NFL Commissioner Roger Goodell held a round-table meeting with roughly 25 owners, league executives and players on Tuesday night to discuss the national anthem demonstrations.
New York Giants linebacker Jonathan Casillas said the summit at the league's headquarters in New York lasted roughly two hours and was attended by several of the NFL's most prominent owners, including John Mara of the Giants, Robert Kraft of the Patriots and Art Rooney II of the Steelers. NFL executive vice president Troy Vincent also attended along with eight players from five teams.
Casillas said the group talked about what to do to move forward and how to approach the "whole kneeling situation."
"It was a whole bunch of opinions shared," Casillas said. "There was nothing we decided we're going to do collectively. I think it was a very conducive meeting."
NFL spokesman Brian McCarthy said the gathering was one of the many conversations that have happened this week within the NFL.
"The commissioner believed with all the owners here for committee meetings it was important to bring in some players and hear directly from them," McCarthy said in responding to an email from The Associated Press. "While the conversations will remain private, they were very informative and instructive."
Patriots safety Devin McCourty and special teams captain Matt Slater both joined Kraft for the meeting with Goodell. McCourty said his biggest takeaway was "just understanding."
"From both sides," McCourty said. "I think that players saw that when owners came out with different statements on Sunday. I think the biggest thing is as players we have to keep in the forefront what we want to get (awareness for) — the inequality, the injustice. I think that's what's important."
McCourty emphasized not only the unity on the Patriots, but throughout the NFL.
"I think we gotta make sure this whole thing doesn't turn into the NFL vs. Donald Trump," he said. "As players ... we have an agenda of what we think can be done better. We're trying to use our platform. We have to stick to that.
"It's not really this war of whether does the NFL have our back or let's battle Trump. But I do think (the owners) are willing to help us get some of these things going. Hopefully that is what happens out of all of this."
Casillas said the commissioner did not say a lot in the meeting, letting the owners and players talk. He said it was clear to all sides that kneeling during the national anthem is not conveying the message the players' want of the need for social change.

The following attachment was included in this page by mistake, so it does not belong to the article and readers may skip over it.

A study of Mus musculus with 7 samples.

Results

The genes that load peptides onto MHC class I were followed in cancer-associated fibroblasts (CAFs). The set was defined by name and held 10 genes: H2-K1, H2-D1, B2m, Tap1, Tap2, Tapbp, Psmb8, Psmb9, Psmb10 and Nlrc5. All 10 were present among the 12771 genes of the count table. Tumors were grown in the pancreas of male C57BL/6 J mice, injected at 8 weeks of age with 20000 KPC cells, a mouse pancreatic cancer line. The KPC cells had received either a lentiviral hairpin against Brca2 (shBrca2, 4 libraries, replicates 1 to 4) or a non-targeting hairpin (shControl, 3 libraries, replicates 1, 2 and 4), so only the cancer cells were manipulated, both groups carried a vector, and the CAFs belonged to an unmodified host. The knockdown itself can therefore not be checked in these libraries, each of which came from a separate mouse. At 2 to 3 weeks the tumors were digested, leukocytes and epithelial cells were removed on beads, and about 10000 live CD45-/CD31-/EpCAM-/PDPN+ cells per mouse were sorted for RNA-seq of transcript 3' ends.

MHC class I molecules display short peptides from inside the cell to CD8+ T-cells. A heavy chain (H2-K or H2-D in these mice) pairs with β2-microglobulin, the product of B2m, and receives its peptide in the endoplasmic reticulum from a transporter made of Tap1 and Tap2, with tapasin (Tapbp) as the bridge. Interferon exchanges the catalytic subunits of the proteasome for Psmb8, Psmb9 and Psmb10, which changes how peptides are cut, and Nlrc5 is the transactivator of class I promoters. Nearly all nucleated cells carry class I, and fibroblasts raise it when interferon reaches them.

"We're at a trying time right now, with all the racial situations: the kneeling, the (perception of) disrespecting of the flag, and also fans pulling away from the greatest professional sports league in the country," Casillas said. "And that's being considered. It's being felt by owners and players. It's something that I think moving forward, we have to address.
"Last weekend was a tough weekend. Everybody was paying attention, I'm pretty sure this weekend coming up everybody is going to be watching the beginning of the game ..."
Casillas and several Giants leaders met with Mara on Wednesday to discuss the demonstrations. The co-owner told them that the team preferred the players stand during the anthem, but if they felt a need to kneel, they were free to do it, and the team would support them.
Former San Francisco quarterback Colin Kaepernick had been the focal point of the anthem demonstrations since he began kneeling more than a year ago. He was released after last season and is no longer on a roster.
Casillas does not think Kaepernick will play in the league again. He also said Kaepernick deserves to be on a roster, noting no starter goes from losing his job to out of the league in one season.
Seattle's Russell Wilson is a quarterback with no worries about job security; he's one of the NFL's best. He's encouraged by meetings such as the one Goodell held Tuesday.
"This is a real situation. This is my kids, your kids, this is our lives, this is everybody's situation," Wilson said. "It's not something we can take lightly or ignore or brush to the side. It's something we have to address and I don't fear addressing it because I believe in it. I believe that love is the way. I really firmly believe in that and unifying people and bringing people together and understanding we are capable of finding a way to love better.
"If we can do that, I think that is how you bridge that gap and how you bring people together. I'm not going to shy away from that by any means."